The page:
Clinical genetic research is often regarded as more ethically problematic than other forms of research, and in some countries is subject to specific regulation, requiring researchers to follow specialised guidelines. In this paper, an approach to enhancing the ethical conduct of genetic research is proposed, which is believed to be more effective than simply attempting to follow general guidelines. The potential concerns, likely areas of misunderstanding and negative reactions of the participant group are systematically investigated before starting a study on genetics. This would constitute, in effect, an ethical pilot study, similar to a feasibility pilot study to test equipment, procedures and logistics. The findings of the ethical pilot study would be used to help in designing ethically important aspects of research protocol, such as recruitment procedures, written and other information for potential participants, informed consent processes and reporting of results including ambiguous or uncertain results.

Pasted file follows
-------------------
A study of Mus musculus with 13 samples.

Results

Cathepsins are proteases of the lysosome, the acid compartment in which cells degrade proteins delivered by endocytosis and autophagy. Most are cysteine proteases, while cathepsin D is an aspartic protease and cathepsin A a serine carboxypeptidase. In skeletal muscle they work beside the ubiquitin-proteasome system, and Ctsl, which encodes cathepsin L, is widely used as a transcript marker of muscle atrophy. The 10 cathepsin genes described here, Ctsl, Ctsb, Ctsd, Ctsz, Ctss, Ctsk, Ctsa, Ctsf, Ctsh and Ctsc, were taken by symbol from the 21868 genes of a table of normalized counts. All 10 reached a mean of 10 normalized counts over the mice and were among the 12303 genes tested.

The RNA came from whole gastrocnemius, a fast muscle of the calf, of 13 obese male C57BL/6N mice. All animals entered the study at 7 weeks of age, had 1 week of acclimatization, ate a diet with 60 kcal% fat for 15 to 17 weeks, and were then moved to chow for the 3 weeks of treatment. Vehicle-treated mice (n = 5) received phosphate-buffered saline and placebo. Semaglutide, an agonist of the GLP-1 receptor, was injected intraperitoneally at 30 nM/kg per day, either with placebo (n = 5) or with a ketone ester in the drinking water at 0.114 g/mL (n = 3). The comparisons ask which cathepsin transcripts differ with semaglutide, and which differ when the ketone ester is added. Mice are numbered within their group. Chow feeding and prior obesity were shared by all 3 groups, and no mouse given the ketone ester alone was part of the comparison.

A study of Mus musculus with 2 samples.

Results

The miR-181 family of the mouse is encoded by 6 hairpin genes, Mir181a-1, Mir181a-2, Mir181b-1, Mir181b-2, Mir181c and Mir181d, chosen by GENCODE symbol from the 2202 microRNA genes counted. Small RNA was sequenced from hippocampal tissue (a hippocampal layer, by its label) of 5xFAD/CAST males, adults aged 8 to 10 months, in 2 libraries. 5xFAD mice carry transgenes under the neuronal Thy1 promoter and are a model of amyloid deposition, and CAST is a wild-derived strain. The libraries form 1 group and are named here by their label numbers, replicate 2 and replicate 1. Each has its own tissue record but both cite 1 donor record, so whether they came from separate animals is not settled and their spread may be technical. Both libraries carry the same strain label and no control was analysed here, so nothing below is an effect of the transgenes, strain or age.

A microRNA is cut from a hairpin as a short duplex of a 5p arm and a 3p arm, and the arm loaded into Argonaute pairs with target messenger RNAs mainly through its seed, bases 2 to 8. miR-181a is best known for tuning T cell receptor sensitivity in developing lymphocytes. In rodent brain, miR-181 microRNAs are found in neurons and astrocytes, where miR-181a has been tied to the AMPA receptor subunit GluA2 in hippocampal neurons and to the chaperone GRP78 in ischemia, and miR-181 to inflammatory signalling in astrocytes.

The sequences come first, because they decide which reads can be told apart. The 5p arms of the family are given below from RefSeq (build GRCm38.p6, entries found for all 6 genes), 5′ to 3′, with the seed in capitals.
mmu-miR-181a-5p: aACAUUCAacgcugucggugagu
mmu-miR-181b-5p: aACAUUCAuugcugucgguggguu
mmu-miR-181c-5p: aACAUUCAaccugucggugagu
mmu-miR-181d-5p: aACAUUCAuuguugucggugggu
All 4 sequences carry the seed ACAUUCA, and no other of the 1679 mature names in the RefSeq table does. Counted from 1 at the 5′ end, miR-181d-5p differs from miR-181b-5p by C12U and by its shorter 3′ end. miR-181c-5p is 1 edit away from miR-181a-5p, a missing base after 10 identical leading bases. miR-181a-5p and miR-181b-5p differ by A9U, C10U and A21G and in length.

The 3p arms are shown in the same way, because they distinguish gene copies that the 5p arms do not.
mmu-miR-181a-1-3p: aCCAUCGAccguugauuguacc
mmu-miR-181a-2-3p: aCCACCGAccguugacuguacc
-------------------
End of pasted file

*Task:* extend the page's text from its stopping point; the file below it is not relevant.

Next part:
Competing interests: None. All researchers were independent from the sponsor.
Ethical approval: The Royal Children’s Hospital Ethics in Human Research Committee, Royal Children’s Hospital, Parkville, Australia (EHRC 22056A), approved the study.
Contributors: LG, MW and investigators in the larger Hearing in Schools Study (other investigators were Henrik Dahl, Field Rickards, Kerryn Saunders; consultants Barbara Cone-Wesson and Jo Williams) initiated the project. ZP, ST and LG developed the protocols. ST and ZP carried out recruitment and data collection. ST and Fides Ferlin transcribed the interviews, and ST, ZP and LG carried out the thematic analysis. LG and ST wrote the paper. All authors contributed to reviewing and editing the paper. LG is the guarantor.